But before you get ready to write the check, here are some Money Matters tips on what to do to take an axe to those high dollar property taxes.
If there's one silver lining to the dark cloud of plunging property prices, it's this: If your house drops in value, your property taxes might go down as well.
"When property was going up, everybody was getting their taxes raised. And when property's going down, they should get them reduced," says property appraiser Joel Greenberg.
He should know, Greenberg is an appraiser, and a special magistrate who presides over his county's property tax appeals.
And lots of people do appeal. Property values are estimated by a computer, which means that your assessed value could be wrong, and you could be entitled to a lower bill. How do you go about it?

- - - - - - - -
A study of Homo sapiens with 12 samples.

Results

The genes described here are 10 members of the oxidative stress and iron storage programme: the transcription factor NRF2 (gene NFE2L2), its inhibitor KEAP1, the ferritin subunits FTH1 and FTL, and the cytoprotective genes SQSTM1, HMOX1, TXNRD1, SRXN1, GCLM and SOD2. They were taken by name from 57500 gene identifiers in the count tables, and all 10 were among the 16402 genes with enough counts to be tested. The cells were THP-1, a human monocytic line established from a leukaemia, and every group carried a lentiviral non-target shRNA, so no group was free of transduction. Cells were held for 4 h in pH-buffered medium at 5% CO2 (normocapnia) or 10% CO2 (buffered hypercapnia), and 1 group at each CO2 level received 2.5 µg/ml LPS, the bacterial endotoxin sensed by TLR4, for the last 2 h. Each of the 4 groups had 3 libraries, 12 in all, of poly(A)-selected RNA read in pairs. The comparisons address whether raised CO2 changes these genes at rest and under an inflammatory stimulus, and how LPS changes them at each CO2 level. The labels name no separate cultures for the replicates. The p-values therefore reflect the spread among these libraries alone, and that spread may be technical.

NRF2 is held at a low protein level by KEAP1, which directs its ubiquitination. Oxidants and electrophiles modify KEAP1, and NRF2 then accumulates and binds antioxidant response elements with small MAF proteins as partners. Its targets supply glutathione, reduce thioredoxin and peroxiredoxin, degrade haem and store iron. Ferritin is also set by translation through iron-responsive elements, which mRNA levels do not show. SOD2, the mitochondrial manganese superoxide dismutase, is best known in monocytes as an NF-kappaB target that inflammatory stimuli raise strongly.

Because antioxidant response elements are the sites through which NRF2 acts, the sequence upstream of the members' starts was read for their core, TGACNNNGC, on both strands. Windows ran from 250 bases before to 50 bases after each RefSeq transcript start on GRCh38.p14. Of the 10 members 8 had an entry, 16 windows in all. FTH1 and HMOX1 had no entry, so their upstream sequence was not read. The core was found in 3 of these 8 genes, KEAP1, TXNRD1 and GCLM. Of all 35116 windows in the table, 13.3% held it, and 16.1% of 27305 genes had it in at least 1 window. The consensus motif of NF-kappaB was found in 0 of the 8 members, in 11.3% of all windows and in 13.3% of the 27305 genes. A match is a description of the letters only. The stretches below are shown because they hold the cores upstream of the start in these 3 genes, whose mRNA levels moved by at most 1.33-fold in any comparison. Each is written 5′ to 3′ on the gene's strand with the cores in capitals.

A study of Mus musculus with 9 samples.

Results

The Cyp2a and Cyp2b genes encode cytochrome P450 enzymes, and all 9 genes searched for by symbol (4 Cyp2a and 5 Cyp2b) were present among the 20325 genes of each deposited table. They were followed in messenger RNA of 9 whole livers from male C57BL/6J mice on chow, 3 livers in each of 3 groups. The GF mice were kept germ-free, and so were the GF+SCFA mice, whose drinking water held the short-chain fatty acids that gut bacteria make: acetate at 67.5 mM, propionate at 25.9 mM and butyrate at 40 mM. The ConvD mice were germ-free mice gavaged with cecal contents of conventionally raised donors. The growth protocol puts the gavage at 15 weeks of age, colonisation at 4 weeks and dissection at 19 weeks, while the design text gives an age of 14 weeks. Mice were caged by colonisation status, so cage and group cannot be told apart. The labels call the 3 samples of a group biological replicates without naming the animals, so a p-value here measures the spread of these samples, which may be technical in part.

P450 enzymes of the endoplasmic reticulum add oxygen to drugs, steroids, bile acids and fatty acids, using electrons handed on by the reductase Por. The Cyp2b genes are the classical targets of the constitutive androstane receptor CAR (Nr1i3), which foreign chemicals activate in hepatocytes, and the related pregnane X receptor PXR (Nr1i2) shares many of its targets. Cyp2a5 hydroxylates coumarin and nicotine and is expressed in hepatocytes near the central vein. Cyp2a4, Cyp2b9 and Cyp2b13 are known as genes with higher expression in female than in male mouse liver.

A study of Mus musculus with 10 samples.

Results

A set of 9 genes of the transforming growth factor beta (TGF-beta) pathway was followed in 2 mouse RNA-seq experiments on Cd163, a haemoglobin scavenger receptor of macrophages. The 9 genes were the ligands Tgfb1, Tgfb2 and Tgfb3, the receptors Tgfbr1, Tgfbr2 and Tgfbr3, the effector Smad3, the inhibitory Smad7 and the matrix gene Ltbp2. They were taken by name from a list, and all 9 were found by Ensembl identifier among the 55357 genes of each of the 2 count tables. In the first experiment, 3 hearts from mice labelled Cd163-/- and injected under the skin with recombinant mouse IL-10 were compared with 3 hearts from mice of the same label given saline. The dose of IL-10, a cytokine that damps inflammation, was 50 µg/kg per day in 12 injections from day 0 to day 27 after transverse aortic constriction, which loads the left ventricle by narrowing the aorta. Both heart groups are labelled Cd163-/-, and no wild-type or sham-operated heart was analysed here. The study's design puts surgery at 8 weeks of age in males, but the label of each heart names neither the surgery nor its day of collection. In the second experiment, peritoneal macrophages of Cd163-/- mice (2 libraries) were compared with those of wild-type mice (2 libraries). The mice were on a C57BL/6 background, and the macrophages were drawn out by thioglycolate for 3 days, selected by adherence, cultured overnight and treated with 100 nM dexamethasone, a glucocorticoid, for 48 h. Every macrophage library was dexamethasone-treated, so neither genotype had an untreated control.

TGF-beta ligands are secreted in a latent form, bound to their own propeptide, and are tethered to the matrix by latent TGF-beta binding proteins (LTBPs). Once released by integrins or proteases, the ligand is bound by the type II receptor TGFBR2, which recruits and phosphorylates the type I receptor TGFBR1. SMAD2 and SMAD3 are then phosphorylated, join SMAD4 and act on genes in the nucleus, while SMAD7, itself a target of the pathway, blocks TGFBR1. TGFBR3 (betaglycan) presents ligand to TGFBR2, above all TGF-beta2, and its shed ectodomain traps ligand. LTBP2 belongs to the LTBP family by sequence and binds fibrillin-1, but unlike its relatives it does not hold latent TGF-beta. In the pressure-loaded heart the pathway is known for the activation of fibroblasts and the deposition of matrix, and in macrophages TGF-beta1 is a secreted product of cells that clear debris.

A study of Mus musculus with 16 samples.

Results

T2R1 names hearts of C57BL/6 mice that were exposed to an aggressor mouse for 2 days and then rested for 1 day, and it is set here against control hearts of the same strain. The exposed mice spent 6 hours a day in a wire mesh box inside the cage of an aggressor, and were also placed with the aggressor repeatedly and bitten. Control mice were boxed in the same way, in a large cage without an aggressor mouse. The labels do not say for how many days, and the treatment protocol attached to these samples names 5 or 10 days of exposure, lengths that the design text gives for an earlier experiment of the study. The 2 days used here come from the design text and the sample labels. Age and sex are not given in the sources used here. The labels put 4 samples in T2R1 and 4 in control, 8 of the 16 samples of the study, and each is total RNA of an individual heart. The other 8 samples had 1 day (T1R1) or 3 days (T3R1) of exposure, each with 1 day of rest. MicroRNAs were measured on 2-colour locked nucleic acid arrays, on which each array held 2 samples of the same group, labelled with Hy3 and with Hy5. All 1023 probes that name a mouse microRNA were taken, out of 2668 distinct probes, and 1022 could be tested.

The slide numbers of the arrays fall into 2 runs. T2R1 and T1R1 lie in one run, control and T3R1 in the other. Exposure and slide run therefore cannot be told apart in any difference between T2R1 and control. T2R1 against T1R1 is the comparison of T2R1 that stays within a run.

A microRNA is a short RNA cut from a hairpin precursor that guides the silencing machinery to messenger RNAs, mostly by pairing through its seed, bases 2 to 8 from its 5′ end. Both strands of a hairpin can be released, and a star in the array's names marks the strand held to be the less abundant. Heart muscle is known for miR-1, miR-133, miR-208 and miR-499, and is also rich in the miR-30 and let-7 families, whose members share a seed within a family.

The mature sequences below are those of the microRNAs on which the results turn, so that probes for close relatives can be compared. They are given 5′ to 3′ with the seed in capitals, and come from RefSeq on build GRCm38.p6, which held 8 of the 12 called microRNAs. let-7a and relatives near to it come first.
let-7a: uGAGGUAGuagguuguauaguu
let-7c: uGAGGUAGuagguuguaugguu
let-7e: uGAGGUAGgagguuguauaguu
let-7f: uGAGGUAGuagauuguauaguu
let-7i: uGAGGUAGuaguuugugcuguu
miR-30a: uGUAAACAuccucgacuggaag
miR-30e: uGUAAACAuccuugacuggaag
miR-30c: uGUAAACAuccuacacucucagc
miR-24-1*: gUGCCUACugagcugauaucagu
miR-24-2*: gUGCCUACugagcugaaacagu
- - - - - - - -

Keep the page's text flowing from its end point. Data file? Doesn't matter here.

You start with the annual estimate of your assessed value. This is what the powers that be think your property is currently worth. So first, check for mistakes: Is your lot size correct? How about your square footage? Don't just assume the county is right.
Then see if the value makes sense. Get comparables by searching your neighborhood for homes that are similar to yours in age, size, and condition. Real estate agents can help.
And when you're convinced your assessed value is too high, time to get some proof in the form of an appraisal.
"The single most important thing is to get an appraisal on the property. Because that's a professional giving me his opinion on what the property is as opposed to coming in and just telling me you think property values are lower," says Greenberg.